Any definitive answer: "Qt’s open source licenses are not compatible with distribution on most app stores."



  • I was reading this article from 2014: Cross Platform Apps – Qt vs. HTML5. It states: "Qt’s open source licenses are not compatible with distribution on most app stores."

    Is this true? Is this a lie? A distortion? A confusion?

    It would be really really (e.g. really, really) nice if the owners and maintainers of Qt published a definitive, non-marketing statement on this.

    For instance.... I went to the main Qt site today to try to find out what a commercial license costs. I spent 20 minutes digging around menus and never did find out what it costs. I got offered "30 day free sign up" and some very vague "$350. per month" but there was really nothing CLEAR, STRAIGHTFORWARD, HONEST about what the costs are.

    Why is there not just a straight, simple page with options and costs?

    Seriously. I like Qt and am enjoying learning the framework but please – what the fcuk does it cost?
    Or... who are the the GPL police and how does that work?



  • I'm with you!
    I love Qt but sometimes we need to be advocate to understand the license questions...
    Also, there are some module under LGPL 2, others under LGPL 3 ecc....

    I think having some "lite" license mechanism should be very usefull.



  • @luca

    Oh yeah. I wonder if anyone from Qt...the company reads these forums.

    Hiding the cost of a license on their web site? (Yes, I clicked around for 20 minutes and still couldn't get a clear answer).
    I saw on another web site that the rate is $350./mo.... $4200. per year? And I have to ask: why am I learning this framework?

    I like Qt but ... many parts of it are only half complete (yes, looking at you, Bluetooth support) and despite "apparent" support for many features, reading the very fine print (and/or wasting days trying to get something to work) one finds that many features are not supported on all platforms, Borderline deceptive advertising? (looking at you AudioProbe Class).

    OR maybe most developers don't care about GPL or licensing and it is all a sham – there are no GPL "police" and there is nothing to be concerned about. So it doesn't matter to them that things are pretty glitchy and the docs are not to be believed? Of course no one will come out and say: use it however you want and don't worry about it (even if that is what most experienced devs do).

    Me? I'd like to do the right thing but nothing from the owners of Qt is making it clear what that is or how to do it.


  • administrators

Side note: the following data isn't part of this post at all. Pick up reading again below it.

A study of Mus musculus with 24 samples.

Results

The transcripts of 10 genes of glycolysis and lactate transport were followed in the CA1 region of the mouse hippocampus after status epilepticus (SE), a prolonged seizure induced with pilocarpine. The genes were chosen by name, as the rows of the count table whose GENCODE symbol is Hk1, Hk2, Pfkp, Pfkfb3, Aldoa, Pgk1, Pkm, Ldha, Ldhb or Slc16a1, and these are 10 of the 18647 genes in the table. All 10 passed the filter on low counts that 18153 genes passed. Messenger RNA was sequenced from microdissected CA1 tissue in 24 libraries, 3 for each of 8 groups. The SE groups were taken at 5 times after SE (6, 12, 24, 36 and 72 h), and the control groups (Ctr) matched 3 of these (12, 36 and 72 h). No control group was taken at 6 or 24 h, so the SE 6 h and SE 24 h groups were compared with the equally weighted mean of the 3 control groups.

Yes, we do read these forums.

    Yes, all platforms do not support everything possible, but you do realise that every single platform is evolving all the time and trying to keep up with them on all the details is hard work. Hard work that the developers of Qt are doing pretty well.
    (I agree with Bluetooth being a pain, as I'm trying to write something with it myself. Luckily the platforms I want to run on have pretty good support.)

    Next the legal questions.
    You also need to understand that I have zero hours of law school or training, so getting a comment from me about licenses in third party app stores is like asking a random person on the street. Add to that the fact that some people will take anything as legal advice, and the result is that we do not really like to say anything out here.

    As a general guide; and do not mistake this for legal advice, this is a random dude on the internet rambling about licenses.
    I have not read what the Apple app store texts say currently, but the text used to be hostile toward open source licenses (again stress on the part where I have not read it recently, I hear they are softening the text).
    Google has been more simple in the past, where LGPL Qt has been quite ok, there is even ministro that can handle the libraries for you.
    So it's Apple that has been in the gray area where people without a legal degree can't say anything in any direction.

    Then again, if you comply with the GPL/LGPL in providing the source/object files when someone asks, you are ok. (except if the Apple agreement says something else)

    We do have a commercial option for small business coming out this spring still. The cost will be in line with what a small business / indie developer can afford. So nothing like the 350$/month you found (which is probably about correct for a pro app development license).

    So assuming you want to do commercial apps, you can do open source and be prepared to give object / source files depending on the license you go with, or you can get a commercial license. Again assuming you are a small business / indie developer I suggest you wait a bit for the small business license that we have coming out in roughly the Qt 5.6 release timeframe.


Log in to reply
 

Looks like your connection to Qt Forum was lost, please wait while we try to reconnect.